NEW YORK — An Earth-sized planet dubbed “hell” got so devilishly hot because it orbits along its star’s equator, according to new research.
The entire surface of this “super-Earth” is an ocean of lava that reaches temperatures of around 2,000 degrees Celsius. Nicknamed “Janssen,” the rocky world is one of the most exotic discovered outside our solar system.
It’s also known as the diamond planet because its interior is abundant in carbon, which creates the precious gemstones under extreme pressure. The new insights come from a space exploration tool that captured ultra-precise measurements of starlight from Janssen’s home star, Copernicus.
The discovery has implications for alien hunters. Such information is critical to finding out just how common Earth-like environments are and how abundant extraterrestrial life may be in the universe.
“We’ve learned about how this multi-planet system — one of the systems with the most planets that we’ve found — got into its current state,” says study lead author Lily Zhao, a research fellow at the Flatiron Institute’s Center for Computational Astrophysics (CCA), in a media release.
Copernicus’ other planets are on such different orbital paths that they never even cross between the star and Earth. The light measurements ever-so-slightly shifted as Janssen moved between Earth and the star — akin to our moon blocking the sun during a solar eclipse.
It suggests the planet formed in a relatively cooler orbit further out, slowly falling toward Copernicus over time. Janssen’s path altered as it moved closer in. Even in its original orbit, the planet “was likely so hot that nothing we’re aware of would be able to survive on the surface,” says Dr. Zhao.
Scientists hope their study in the journal Nature Astronomy will improve understanding of how planets form and move around over eons.
Janssen was discovered in 2004, making it the first known “super-Earth.” It is about eight times as massive and twice as wide as our planet. The atmosphere is rich in hydrogen. There is also helium, and potentially, hydrogen cyanide. It is the first exoplanet, that we know of, to have an atmosphere — despite its hellish surface.
Janssen’s orbit has a minimum radius of roughly two million kilometers. For comparison, Mercury’s is 46 million and Earth’s 147 million.
Astronomers believe the planet formed about eight billion years ago. Its orbit is so snug around Copernicus, astronomers first doubted its existence. As Copernicus rotates, half the star is twirling toward us, and the other half is moving away.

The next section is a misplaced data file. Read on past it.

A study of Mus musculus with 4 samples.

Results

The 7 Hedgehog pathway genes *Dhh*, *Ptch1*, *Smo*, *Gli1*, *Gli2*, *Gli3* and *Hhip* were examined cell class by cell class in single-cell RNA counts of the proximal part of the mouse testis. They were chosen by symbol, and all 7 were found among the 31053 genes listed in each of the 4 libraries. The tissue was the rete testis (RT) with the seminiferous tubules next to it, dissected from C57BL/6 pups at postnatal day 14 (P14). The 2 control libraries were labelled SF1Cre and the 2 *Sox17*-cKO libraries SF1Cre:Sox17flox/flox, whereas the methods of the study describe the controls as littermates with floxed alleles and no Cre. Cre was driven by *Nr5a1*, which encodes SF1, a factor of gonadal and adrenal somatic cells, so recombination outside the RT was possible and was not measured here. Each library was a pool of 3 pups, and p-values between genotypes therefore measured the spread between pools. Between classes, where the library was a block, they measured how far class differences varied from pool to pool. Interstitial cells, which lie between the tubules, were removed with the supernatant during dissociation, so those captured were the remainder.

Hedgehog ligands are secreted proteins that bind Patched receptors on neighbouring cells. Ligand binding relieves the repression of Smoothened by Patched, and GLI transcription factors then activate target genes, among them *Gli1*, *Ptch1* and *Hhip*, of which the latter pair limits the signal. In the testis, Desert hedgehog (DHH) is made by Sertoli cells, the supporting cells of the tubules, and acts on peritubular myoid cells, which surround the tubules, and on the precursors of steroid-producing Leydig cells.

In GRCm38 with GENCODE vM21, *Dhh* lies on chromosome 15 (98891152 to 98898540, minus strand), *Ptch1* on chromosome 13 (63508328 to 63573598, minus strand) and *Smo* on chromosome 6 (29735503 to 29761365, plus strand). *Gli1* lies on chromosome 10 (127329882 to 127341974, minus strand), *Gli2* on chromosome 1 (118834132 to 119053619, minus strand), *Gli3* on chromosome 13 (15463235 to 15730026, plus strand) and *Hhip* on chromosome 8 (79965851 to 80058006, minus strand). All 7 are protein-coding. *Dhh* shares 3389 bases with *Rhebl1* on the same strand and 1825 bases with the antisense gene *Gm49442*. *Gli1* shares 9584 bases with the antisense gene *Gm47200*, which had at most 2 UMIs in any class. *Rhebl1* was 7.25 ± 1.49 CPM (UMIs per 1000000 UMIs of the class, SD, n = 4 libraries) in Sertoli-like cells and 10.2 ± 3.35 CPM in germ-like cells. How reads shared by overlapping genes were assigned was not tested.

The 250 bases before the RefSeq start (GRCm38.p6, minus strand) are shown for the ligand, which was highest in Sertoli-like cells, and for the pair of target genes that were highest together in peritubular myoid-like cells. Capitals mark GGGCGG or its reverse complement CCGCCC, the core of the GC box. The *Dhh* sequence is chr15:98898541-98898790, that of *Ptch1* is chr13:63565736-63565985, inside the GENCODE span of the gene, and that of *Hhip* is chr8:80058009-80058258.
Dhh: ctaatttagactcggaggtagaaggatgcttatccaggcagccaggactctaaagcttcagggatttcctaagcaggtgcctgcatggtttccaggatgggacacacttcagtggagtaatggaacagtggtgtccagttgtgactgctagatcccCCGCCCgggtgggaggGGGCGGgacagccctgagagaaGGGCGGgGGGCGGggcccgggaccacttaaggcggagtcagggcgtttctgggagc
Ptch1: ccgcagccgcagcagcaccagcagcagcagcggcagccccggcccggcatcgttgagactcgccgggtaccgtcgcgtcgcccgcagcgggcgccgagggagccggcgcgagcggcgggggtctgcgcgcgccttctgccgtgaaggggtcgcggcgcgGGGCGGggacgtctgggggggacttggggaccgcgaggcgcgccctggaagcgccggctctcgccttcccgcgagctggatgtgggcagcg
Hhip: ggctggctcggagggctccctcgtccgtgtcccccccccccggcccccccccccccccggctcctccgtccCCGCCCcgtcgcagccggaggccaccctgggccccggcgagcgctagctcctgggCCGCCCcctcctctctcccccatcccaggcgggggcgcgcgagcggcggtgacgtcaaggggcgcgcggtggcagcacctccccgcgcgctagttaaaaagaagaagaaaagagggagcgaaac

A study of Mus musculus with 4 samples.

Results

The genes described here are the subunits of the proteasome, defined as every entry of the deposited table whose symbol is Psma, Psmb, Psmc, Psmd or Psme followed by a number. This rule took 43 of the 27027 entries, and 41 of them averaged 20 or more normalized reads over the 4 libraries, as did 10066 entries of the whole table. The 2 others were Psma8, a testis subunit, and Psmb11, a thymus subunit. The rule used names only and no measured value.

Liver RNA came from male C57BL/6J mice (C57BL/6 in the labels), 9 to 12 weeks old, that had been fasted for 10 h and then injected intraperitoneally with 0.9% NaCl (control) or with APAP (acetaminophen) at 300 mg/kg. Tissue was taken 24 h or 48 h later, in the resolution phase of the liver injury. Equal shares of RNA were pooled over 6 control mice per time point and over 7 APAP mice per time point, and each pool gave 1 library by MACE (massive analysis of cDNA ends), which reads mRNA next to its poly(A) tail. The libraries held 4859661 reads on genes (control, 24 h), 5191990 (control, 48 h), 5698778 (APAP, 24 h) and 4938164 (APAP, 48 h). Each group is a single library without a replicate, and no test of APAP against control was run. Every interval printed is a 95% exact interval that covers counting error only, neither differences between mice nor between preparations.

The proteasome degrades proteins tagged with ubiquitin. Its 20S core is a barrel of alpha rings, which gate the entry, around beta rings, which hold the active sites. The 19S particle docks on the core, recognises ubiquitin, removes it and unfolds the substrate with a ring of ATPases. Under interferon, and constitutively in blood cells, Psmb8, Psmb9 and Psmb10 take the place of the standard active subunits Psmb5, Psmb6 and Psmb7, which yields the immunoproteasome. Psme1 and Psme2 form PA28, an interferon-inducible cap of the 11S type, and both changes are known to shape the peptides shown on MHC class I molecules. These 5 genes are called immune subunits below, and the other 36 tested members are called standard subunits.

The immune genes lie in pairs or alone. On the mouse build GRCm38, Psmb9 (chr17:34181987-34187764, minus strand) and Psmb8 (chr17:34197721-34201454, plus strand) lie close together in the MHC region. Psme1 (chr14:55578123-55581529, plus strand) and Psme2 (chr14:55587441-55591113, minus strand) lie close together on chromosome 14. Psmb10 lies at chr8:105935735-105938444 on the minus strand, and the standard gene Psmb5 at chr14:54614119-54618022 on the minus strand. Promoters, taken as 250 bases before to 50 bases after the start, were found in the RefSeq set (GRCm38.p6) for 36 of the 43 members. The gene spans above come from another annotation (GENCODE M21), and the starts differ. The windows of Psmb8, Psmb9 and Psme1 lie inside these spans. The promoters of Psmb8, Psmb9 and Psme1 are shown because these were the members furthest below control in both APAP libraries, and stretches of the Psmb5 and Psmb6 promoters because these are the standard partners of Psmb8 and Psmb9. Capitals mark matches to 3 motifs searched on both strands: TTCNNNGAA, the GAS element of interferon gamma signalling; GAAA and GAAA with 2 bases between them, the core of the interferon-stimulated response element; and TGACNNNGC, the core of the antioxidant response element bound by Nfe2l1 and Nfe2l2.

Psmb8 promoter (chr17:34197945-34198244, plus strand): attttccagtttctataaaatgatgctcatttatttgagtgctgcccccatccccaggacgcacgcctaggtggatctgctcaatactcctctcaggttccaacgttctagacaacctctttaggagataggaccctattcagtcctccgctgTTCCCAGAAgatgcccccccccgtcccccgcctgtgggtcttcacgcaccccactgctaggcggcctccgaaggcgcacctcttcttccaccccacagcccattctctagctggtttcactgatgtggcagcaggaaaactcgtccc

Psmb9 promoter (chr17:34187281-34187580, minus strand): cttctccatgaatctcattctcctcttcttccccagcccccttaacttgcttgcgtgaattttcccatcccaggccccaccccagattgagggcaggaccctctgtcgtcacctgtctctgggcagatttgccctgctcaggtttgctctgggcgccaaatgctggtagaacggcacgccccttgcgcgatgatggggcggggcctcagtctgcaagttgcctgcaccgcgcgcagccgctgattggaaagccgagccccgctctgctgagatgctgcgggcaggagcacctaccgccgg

That means half the star is a bit bluer, and the other half is slightly redder — with the space in the middle unshifted. So, astronomers can track Janssen by measuring when it is blocking light from the redder side, the bluer side, and the unaltered midsection.
However, the resulting difference in the starlight is almost immeasurably small. The breakthrough came from the EXPRES (EXtreme PREcision Spectrometer). The device at the Lowell Discovery Telescope in Arizona offered the sensitivity needed to notice the tiny red and blue shifts.
The EXPRES measurements revealed Janssen’s orbit is roughly aligned with Copernicus’ equator, a path that makes it unique. Interactions shifted Janssen toward its hellish present-day location. As Janssen approached Copernicus, the star’s gravity became increasingly dominant.
Because Copernicus is spinning, the centrifugal force caused its midsection to bulge outward slightly and its top and bottom to flatten. That affected the gravity felt by Janssen, pulling the planet into alignment with the star’s thicker equator.
“We’re hoping to find planetary systems similar to ours,” Zhao says, “and to better understand the systems that we do know about.”
Super-Earths are the most common type of planet in our galaxy, though none exist in our solar system. They are called super-Earths because they have more mass than our world but are smaller than the system’s gas giants. A greater understanding of super-Earths should mean a greater understanding of the most common type of planet around.
South West News Service writer Mark Waghorn contributed to this report.
We’re not going there any time soon.